Camilla Kolchinsky has special skills in bringing to excellence any orchestra, especially students. Under her leadership, young musicians quickly grow in their understanding of sound quality, musicality, flexibility and a sense of artistic achievement.
Rostislav Dubinsky

Professor of Music, Indiana University

Dr. Camilla Kolchinsky

Former Music Director & Conductor Emeritus

Dr. Camilla Kolchinsky assumed the role of Music Director of the El Camino Youth Symphony (now Golden State Youth Orchestra) in 1994, a position she held until 2014. Dr. Kolchinsky was a native of Moscow and received a Master of Music Degree, with distinction, from the State Conservatory of Moscow, with majors in violin, theory, and composition. Despite the prevailing belief of the day, that conducting was not a field for women, and without much support from her teachers or parents, Camilla would not be denied her passion: "To put soul to the music, to put feeling to the music, only a conductor can do that.”

She completed the doctoral level program in conducting at the State Music Conservatory of Leningrad (St. Petersburg) with I. Musin. In 1964 and 1966 she won first place in the National Competition for Young Conductors at the Bolshoi Theater. Dr. Kolchinsky was awarded her first conducting job in 1965, proving the nay-sayers wrong. As one of only two female music directors of major orchestras in the former Soviet Union, she appeared regularly with the Bolshoi Theater, the National USSR State Orchestra, the Moscow Philharmonic, and was guest conductor of many other Russian orchestras. Yet prejudice against her for being a woman and a Jew, she has said, convinced her to leave her native country. The breaking point came when the Russian State Concert Board declined--in her name--an invitation to a European music festival, claiming she was sick.

Dr. Kolchinsky left her homeland in 1976 and went West, looking for new opportunities. She conducted the Philharmonic Orchestra in London, the Israel Philharmonic, the Norddeutsche Rundfunk Orchestra in Hamburg, the Swedish Radio Orchestra, the Liege Philharmonic, and many others. She recorded with all of these orchestras and was the Permanent Guest Conductor of the First Austrian Chamber Orchestra in Vienna and the Guatemala Symphony in Guatemala. She was featured in a documentary film Women Conductors: Biography, Working Rehearsals and Concert made in Sweden in 1986. It was broadcast on PBS in the United States, as well as in Europe.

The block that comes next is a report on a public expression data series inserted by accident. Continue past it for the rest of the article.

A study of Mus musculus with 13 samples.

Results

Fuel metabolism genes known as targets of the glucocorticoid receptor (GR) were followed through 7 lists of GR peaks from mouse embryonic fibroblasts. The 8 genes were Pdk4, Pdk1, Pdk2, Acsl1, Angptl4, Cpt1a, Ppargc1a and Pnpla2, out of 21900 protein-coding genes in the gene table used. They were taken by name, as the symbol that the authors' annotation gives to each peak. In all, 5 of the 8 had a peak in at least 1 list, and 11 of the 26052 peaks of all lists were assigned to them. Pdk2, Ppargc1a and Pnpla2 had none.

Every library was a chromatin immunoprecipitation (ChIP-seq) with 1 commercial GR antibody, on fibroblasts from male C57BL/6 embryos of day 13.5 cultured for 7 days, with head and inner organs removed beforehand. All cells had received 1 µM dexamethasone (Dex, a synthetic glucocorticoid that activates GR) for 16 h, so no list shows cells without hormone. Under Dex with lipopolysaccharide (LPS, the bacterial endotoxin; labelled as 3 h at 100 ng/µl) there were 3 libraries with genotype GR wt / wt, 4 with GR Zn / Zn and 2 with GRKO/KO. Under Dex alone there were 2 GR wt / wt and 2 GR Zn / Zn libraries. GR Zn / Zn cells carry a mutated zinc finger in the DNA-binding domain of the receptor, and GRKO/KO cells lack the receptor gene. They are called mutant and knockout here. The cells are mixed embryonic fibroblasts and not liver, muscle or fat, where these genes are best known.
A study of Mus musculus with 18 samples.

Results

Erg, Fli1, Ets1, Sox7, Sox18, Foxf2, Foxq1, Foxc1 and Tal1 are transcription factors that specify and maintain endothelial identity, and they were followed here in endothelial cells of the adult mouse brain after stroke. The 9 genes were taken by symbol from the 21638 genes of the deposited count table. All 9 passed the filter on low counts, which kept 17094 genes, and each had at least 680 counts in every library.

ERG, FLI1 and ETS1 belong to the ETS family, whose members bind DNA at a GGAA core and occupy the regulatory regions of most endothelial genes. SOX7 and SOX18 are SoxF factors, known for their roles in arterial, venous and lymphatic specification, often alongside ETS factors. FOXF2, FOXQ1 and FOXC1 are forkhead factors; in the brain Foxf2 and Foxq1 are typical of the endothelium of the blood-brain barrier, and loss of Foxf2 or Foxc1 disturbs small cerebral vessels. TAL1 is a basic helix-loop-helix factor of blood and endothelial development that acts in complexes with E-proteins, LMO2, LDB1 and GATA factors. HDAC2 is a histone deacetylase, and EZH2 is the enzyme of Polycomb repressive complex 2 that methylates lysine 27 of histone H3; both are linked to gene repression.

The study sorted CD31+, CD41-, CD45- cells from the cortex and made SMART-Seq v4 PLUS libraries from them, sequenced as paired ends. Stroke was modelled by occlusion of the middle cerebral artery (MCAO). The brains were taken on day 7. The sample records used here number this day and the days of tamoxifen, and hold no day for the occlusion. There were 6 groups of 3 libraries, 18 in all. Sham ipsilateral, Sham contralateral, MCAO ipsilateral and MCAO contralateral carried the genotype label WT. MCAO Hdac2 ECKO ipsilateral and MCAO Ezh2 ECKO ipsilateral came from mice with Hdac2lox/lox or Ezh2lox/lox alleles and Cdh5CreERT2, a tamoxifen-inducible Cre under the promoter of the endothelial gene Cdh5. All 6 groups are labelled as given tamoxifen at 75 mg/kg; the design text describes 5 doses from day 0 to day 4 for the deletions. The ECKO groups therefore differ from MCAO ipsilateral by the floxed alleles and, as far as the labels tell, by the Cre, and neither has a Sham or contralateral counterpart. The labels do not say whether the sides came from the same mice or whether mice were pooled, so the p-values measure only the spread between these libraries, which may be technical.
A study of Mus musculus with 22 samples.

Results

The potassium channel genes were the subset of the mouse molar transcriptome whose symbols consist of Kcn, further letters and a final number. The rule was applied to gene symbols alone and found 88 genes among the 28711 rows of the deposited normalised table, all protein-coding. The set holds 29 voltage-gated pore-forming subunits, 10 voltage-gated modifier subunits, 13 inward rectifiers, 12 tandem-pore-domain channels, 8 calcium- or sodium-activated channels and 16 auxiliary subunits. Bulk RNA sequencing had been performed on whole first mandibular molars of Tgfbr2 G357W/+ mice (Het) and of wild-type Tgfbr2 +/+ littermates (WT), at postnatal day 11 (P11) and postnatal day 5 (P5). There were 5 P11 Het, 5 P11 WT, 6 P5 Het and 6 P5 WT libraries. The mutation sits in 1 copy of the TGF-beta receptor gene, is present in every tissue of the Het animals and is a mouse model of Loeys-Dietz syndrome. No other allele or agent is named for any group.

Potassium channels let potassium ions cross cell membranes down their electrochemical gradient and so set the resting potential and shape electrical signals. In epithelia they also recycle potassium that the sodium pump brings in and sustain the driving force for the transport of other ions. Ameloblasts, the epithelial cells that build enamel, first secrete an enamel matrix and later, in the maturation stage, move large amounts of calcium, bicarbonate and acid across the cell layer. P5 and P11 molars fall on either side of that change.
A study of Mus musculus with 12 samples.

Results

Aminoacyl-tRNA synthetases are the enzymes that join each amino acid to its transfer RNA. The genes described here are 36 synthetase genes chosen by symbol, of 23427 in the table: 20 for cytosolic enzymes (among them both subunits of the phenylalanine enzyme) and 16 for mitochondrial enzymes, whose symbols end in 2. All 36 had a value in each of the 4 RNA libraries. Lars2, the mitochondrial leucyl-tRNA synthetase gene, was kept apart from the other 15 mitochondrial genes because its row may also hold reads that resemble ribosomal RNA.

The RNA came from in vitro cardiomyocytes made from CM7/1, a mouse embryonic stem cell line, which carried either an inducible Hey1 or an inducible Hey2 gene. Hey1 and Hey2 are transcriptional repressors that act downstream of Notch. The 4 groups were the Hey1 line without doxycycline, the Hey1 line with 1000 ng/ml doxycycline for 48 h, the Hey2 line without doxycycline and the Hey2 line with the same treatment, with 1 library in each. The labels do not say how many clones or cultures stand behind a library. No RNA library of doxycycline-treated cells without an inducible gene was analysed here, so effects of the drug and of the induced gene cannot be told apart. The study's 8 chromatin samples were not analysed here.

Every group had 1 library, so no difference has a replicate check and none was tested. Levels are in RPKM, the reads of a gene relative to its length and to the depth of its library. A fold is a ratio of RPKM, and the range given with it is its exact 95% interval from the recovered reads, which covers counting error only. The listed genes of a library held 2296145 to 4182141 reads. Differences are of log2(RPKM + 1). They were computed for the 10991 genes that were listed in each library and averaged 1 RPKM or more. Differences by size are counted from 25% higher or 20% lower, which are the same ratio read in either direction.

In addition, she had an active career as an educator in music schools and conservatories, teaching private students in violin and viola, conducting, and performing chamber music on violin. Dr. Kolchinsky served as Music Director and Principal Conductor of the University Symphony Orchestra and Opera of the University of California, Santa Barbara, and appeared as guest conductor with the Santa Barbara Symphony. She taught young students at the Music and Arts Conservatory of Santa Barbara, State Conservatories of Music at Oslo and Drammen, Norway, the Oslo University Symphony Orchestra, Lund University Students Symphony Orchestra in Sweden, and the Summer Student Chamber Orchestra at Menuhin’s International Music Academy in Gstaad, Switzerland. In 1993 she was Visiting Professor and Conductor of the Symphony Orchestra at Indiana University School of Music in Bloomington.

Dr. Kolchinsky appeared as guest conductor at the Summit Music Festival in New York. She
conducted the New American Chamber Orchestra, and appeared as guest conductor and visiting professor at the Manhattan School of Music.

Dr. Kolchinsky retired from GSYO in June, 2015, and was granted the title of Conductor Emeritus. In her twenty years with Golden State Youth Orchestra she instructed and inspired thousands of young musicians. She was a trailblazer. At a time when opportunities were denied to women, she overcame and thrived on the World’s stage. Outside of GSYO founder, William Galbraith, no other person has had such an immeasurable impact on the organization. It is with great reverence to Dr. Kolchinsky’s memory that we rename the Sinfonietta Orchestra in her honor: the Camilla Kolchinksy Orchestra.